Big things are happening in Alzheimer disease research. Recent developments are shaping the future for assessment and diagnosis and allowing for early detection and treatment of the disease.
Things are happening in Alzheimer disease (AD) research and there seems to be a lot of excitement in the AD research community. The big news is that recent developments are shaping the future for AD assessment and diagnosis and allowing for early detection and treatment of the disease.
In his presentation at the 2013 US Psychiatric and Mental Health Congress, Mark E. Agronin, MD, Affiliate Associate Professor of Psychiatry and Neurology at the University of Miami Miller School of Medicine in Florida and Medical Director for Mental Health and Clinical Research at the Miami Jewish Health Systems, conveyed that excitement to his audience. With the aging of the Boomer population, many clinicians are seeing an explosion of AD cases. By the year 2050, it is estimated that 16 million Americans will be affected. Beginning with Dr Alzheimer’s first case, “a peculiar disease of the cerebral cortex” and continuing to the present, the only way to verify a diagnosis has been with an autopsy of the brain. Early diagnosis is inefficient and may take years to establish-all while the disease progresses.
The first diagnostic criteria for AD were developed jointly by the National Institute of Neurological and Communicative Disorders and Stroke and the Alzheimer’s Disease and Related Disorders Association (NINCDS-ADRDA) in 1984. In addition to the 4 criteria, the NINCDS-ADRDA specified that 8 cognitive domains had to be affected.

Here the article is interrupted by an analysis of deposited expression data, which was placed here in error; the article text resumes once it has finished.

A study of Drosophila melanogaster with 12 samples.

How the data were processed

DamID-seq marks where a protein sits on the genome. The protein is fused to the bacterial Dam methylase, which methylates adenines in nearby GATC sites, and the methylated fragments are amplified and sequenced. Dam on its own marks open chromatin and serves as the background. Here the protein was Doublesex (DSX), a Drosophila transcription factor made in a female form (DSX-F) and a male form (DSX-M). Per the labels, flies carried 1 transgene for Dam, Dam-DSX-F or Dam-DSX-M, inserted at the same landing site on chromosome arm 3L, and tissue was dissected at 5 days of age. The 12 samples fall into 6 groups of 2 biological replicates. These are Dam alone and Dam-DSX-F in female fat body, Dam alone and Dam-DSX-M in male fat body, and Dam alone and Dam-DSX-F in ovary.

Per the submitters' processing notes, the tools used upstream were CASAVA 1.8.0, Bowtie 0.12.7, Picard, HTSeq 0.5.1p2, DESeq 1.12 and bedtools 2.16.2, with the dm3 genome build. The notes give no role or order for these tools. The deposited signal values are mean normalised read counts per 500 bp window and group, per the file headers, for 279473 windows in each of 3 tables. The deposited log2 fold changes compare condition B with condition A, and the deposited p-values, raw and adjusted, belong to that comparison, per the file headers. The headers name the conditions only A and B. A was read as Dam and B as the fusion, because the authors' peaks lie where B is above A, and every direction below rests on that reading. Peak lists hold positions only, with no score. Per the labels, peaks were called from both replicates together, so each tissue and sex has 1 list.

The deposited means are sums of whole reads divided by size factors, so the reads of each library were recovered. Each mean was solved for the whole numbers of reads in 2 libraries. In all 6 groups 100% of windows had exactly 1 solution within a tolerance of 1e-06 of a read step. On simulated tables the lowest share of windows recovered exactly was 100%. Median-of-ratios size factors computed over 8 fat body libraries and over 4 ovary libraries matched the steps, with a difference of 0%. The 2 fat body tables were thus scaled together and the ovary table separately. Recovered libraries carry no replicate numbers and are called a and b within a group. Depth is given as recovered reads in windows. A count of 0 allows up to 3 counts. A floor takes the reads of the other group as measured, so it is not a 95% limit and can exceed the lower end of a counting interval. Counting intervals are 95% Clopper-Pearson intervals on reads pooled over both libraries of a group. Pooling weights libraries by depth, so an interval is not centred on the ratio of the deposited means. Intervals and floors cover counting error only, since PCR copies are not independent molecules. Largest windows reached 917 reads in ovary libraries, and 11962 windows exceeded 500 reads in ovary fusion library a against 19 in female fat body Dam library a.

The National Institute on Aging and the Alzheimer Association has now released new guidelines. The difference in the new guidelines is that they propose 3 clinical stages:
• Phase 1: a newly defined stage of preclinical AD
• Phase 2: mild cognitive impairment due to AD
• Phase 3: probable dementia due to AD
The preclinical stage is the time to arrest disease progression, but first it needs to be identified. By Phase 3 there is clear cognitive decline that impairs functional ability in all areas of everyday life.
“Neuropsychological testing is the gold standard to identify the pattern and degree of impairment,” said Dr Agronin, but the new era of biomarkers can provide a means for early detection and intervention. Current evidence shows that measurable biomarker changes in the brain already exist in Phase 1-years before symptoms are detected by the affected individual or by his or her physicians.
Findings indicate that starting medications early and continuing at optimum dose can significantly lower rates of cognitive decline. Dr Agronin suggested that patient assessment include clinical history and interview, neuropsychological testing, and structural imaging with CT or MRI, as well as a check of amyloidb and Tau protein levels in cerebrospinal levels. He cautioned that due diligence is needed as symptoms of other disorders can muddy the diagnostic waters; the following need to be ruled out before a diagnosis of AD can be established:
• Alcohol abuse
• Medication-induced cognitive changes
• Bipolar variant with impulse discontrol
• Inattention due to adult ADHD
Although much research is still needed, cautious optimism is warranted. Dr Agronin stressed the need for study participants and urged clinicians to enroll their patients in ongoing studies (ongoing studies can be found at www.ClinicalTrials.gov.)